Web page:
Rebekah Brooks, the former top aide to Rupert Murdoch and friend of Prime Minister David Cameron, appeared in court for the first time Wednesday to face charges relating to the phone-hacking scandal.
Her appearance came amid fresh political shockwaves from the scandal, with a rift opening in the coalition government over dealings with Murdoch's News Corp and Deputy Prime Minister Nick Clegg testifying at a press ethics inquiry.
Brooks, 44, her racehorse trainer husband Charlie Brooks, 49, and four other people face charges of conspiracy to pervert the course of justice by obstructing investigations into wrongdoing at the News of the World tabloid.
Brooks and her husband arrived at Westminster Magistrates Court in London in a black London taxi where a huge scrum of cameramen and reporters was waiting for them. Police whisked them past the queue for security.
She was wearing a green scarf and dark blue jacket and sat next to her husband, who wore a charcoal suit and navy tie, an AFP reporter in court said. The couple looked relaxed and were both smiling, unlike the other defendants.
After a short hearing, their first since they were charged on May 15, they were bailed to appear at Southwark Crown Court on June 22. All spoke only to confirm their dates of birth and addresses.
Rebekah Brooks faces three charges of removing boxes of material from the archive of News International, the UK newspaper arm of Murdoch's News Corp, and trying to conceal documents, computers and other material from police.
The flame-haired Brooks edited the News of the World from 2000-2003 and then the Sun, Murdoch's daily tabloid. She resigned as chief executive of News International in July, days after the weekly tabloid closed down in disgrace.
Charlie Brooks, Cheryl Carter, 48, Brooks's personal assistant, Mark Hanna, the head of security at News International, Brooks's chauffeur Paul Edwards, 47, who was employed by News International, and Daryl Jorsling, 39, who provided security for Brooks that was supplied by NI, all face one charge of conspiracy to pervert the course of justice.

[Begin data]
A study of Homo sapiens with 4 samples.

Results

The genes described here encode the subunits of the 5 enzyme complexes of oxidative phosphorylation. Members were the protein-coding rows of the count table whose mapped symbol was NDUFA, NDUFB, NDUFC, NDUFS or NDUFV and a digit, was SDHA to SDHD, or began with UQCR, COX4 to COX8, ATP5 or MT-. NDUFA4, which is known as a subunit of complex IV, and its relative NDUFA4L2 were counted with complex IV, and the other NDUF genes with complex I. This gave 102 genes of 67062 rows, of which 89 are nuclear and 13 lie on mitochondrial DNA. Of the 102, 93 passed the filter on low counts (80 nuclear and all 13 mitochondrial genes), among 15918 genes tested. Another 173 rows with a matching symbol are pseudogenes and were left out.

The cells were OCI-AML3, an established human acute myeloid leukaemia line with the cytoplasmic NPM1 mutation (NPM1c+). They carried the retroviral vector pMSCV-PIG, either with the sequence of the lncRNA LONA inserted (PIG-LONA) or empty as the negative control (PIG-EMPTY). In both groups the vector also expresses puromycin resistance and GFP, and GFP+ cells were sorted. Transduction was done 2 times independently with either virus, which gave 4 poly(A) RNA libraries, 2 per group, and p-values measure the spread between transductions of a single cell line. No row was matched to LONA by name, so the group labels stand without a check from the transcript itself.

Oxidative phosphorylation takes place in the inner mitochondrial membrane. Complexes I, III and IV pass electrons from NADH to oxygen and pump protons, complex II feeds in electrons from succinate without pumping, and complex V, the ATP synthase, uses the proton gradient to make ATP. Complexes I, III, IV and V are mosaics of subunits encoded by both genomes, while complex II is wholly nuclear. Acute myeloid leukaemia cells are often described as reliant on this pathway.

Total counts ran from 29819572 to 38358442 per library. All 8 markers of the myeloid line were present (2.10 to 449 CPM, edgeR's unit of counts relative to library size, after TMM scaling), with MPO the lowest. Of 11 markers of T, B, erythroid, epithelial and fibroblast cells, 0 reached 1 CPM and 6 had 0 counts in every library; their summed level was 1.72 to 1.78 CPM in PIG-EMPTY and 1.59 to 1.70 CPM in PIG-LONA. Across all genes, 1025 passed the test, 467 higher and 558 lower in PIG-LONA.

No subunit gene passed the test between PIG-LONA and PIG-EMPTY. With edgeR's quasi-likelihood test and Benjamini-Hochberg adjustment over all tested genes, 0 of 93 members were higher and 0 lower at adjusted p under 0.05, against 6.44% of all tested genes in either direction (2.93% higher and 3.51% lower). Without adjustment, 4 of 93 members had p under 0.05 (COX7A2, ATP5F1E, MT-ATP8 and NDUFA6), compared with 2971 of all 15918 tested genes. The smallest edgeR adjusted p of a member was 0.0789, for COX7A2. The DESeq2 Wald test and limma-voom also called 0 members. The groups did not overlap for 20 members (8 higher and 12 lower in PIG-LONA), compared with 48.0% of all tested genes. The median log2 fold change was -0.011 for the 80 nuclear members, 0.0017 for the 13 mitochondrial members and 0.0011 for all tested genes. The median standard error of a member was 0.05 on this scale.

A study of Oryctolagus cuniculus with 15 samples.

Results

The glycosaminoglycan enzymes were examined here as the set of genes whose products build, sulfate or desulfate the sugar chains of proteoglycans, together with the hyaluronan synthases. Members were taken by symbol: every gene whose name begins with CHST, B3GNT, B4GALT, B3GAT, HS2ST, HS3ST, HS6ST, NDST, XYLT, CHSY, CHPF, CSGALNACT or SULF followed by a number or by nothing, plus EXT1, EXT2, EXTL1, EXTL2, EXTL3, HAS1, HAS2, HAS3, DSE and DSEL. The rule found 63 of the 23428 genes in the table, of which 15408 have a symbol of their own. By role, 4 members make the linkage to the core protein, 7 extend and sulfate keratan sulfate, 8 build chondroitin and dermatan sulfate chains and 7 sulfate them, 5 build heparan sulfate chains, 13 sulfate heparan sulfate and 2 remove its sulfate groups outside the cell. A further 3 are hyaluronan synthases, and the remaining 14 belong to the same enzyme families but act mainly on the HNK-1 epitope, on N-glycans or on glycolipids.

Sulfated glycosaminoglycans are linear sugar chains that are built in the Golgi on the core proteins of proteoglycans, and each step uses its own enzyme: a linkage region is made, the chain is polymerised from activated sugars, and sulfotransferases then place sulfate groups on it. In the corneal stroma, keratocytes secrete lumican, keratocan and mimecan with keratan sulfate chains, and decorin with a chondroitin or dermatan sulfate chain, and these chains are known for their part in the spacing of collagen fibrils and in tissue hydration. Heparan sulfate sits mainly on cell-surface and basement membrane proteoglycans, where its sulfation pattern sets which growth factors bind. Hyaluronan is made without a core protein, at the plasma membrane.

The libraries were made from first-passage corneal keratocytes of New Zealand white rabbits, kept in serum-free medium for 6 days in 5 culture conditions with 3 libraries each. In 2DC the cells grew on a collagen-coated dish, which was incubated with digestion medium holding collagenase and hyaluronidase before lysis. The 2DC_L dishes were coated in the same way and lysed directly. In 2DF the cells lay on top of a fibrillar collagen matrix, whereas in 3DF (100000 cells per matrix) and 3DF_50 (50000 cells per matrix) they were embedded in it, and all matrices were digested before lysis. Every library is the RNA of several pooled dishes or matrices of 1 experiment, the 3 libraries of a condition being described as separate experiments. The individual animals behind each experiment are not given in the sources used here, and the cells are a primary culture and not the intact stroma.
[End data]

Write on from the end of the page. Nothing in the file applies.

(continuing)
The charges carry a potential term of life imprisonment.
Brooks moved in the highest circles of British politics, and testified to the Leveson Inquiry into press ethics inquiry last month about her close friendship with Conservative prime minister Cameron.
Clegg, the Liberal Democrat deputy prime minister in the coalition government, appeared before the inquiry on Wednesday where he initially answered questions about the relationship between politicians and the press.
"The idea that politicians and the press should operate in hermetically sealed silos is completely unrealistic," he said.
Cameron is due to appear before the inquiry on Thursday, when he is likely to face scrutiny over his ties to Brooks -- including the fact that he went riding on one of her horses.
He also faces pressure on Wednesday after the Liberal Democrats said they would not back under fire Conservative culture minister Jeremy Hunt over his handling of a bid for News Corp for control of pay-TV giant BSkyB.
Clegg told his lawmakers they could abstain from a vote introduced by the opposition Labour party calling for a probe into whether Hunt broke the ministerial code of conduct. Cameron has refused to hold any such probe.
The government is still likely to win Wednesday's non-binding vote.
News Corp abandoned the bid when the hacking scandal blew up last year.
The charges against Brooks and the other five defendants all relate to early July 2011, a frantic period during which Murdoch closed down the News of the World after it emerged that it had hacked the phone of Milly Dowler, a murdered schoolgirl.
They are the first since Scotland Yard opened a huge new investigation into hacking and bribery in which more than 40 people have been arrested.
A News of the World journalist and a private detective were jailed for hacking in 2007 but the paper insisted they were rogue operators.